Meet the new boss, same as the old boss.
The phrase applies double to the pending Village of Northfield administrative team after the Village Board signed off on an agreement Monday, July 10, at Sunset Ridge Elementary School.
Trustees negotiated to keep retiring Village Manager Stacy Sigman on staff as executive director of special projects until at least 2025, while also bringing back former Finance Director Steve Noble — a 2020 retiree — to serve as interim village manager, according to a statement read by Trustee Tracey Mendrek prior to two unanimous votes.
In accordance with the agreement, Sigman reportedly must drop all pending and threatened litigation, which includes cease-and-desist letters sent to Trustees Barnaby Dinges, Charles Orth and Tom Whittaker that accused the trustees of defamation of Sigman and Village President Greg Lungmus. Sigman also had alleged the board hindered her ability to do her job, formally known as a constructive discharge.
The board approvals followed a four-hour closed-door session among Sigman, trustees and both parties’ attorneys. The July 10 special meeting was called in response to Sigman’s surprise early retirement announcement made via internal email on June 30.
In the email, Sigman, Northfield’s village manager for 25 years, said her last day with the Village was going to be Friday, July 14. Under the new deal tentatively agreed to Monday, Sigman will stay on as village manager until July 19, when she will pivot to her new role, Mendrek said.
The details of Sigman’s new assignment are unclear, as trustees requested Village counsel to provide a draft of the formal agreement for approval at the board’s next meeting, July 18. As village manager, Sigman most recently collected an annual base salary of $240,000, according to the Village’s 2022-’23 budget. Her compensation package, including medical benefits, is worth close to $300,000.
On the heels of a tense board meeting on June 26, more than 100 guests filled the school’s auditorium July 10 to witness the latest chapter of the Northfield government saga, which so far in 2023 has included a split Village Board, threatened litigation, misconduct allegations and a police investigation.
Northfield Village President Greg Lungmus listens to public testimony on July 10.
And while Sigman’s future with Northfield was uncertain at the start of the night, Lungmus’ was in question by the end of it.
Kim Orth — wife of Trustee Charles Orth — was the first to the microphone and revealed more disturbing behavior from the first-term village president, who police investigated for disorderly conduct in January after an altercation with a delivery driver.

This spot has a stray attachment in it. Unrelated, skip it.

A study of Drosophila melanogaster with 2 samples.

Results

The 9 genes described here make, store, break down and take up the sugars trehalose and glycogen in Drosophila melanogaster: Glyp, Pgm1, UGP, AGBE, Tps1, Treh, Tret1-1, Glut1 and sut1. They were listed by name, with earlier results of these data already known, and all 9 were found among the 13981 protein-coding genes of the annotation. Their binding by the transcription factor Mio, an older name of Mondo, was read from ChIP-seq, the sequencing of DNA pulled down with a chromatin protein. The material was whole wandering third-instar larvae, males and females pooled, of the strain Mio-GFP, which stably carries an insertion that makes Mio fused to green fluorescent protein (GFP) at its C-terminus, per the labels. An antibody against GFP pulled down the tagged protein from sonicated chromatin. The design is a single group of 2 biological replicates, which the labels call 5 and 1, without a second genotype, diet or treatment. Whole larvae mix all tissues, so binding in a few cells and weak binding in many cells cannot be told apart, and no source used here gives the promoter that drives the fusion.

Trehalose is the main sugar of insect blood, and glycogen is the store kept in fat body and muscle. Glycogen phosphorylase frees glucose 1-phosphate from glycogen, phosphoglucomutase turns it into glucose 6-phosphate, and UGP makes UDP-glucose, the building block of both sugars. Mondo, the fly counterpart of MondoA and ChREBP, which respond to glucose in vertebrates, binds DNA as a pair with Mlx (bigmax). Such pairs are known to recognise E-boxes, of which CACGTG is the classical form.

Kim Orth read a portion of a text message that Lungmus reportedly sent Charles Orth on the Fourth of July, berating his fellow board member.
The message, in part, reads:
“Charlie, you are the dumbest individual I’ve had to work with and possibly the dumbest guy I’ve ever met. Everyone knows you wouldn’t have graduated high school if you didn’t cheat off (name removed by The Record) high school exams on a regular basis.
“For the rest of your life you’re going to hated by staff and residents alike, and you’re too stupid to understand why. God help this wonderful little village from dumb (expletive) like you.”
Following Kim Orth’s statement, Lungmus did not deny he sent the message nor did he dispute its language; though, he did attempt to add context to it. Lungmus and Charles Orth then argued briefly on stage with Trustee Matt Galin interrupting to regain order.
Lungmus told The Record after the meeting that the message was a “private matter” and declined to comment further.
Ten other speakers followed Kim Orth, either urging Lungmus to resign or condemning the entire Village Board for the continued friction. Some praised Sigman for her work as village manager, while others criticized her recent inability to work with the board.
Multiple speakers said the board’s dysfunction began when the public learned of Lungmus’ altercation with a delivery driver in January and was amplified by the village president’s reaction to it, from declining to apologize to accusing his board members of leaking the police-involved incident to the press.
Other speakers, like Kathy Estabrooke, expressed shock at what she called recent “ugly behavior” throughout the Village, up to and including Lungmus insulting message to Trustee Orth.
“This whole thing has gotten so out of control and way beyond my comprehension,” Estabrooke said. “Listening to that text you send it mind-boggling.
” … Greg you are unhinged and need to resign tonight.”
Lungmus did not address the calls for his resignation.
Nineteen-year resident Mark Umlauf was attending his first Village meeting and called the entire scene “disappointing.” While he hopes “cooler heads will prevail” soon, he praised his fellow residents who came forward to speak their mind.
“I am glad people came forward and spoke their minds,” he said. “It’s refreshing to see people stand up to (Lungmus) and say ‘you should resign.’”
Former Northfield Village President John Birkinbine offered a different perspective, reminding the board that it is watched by more than residents and other local officials.
He said that decision-makers on the state level pay attention to the activity of municipalities.
“Please, please pay attention that you are being watched and considered by … people who can give you what you need for this little municipality,” Birkinbine said.
After closed session, Mendrek also announced that as part of the agreement with Sigman, the entire board will undergo training by the Illinois Municipal League, an organization that promotes “competence and integrity in administration and municipal government.”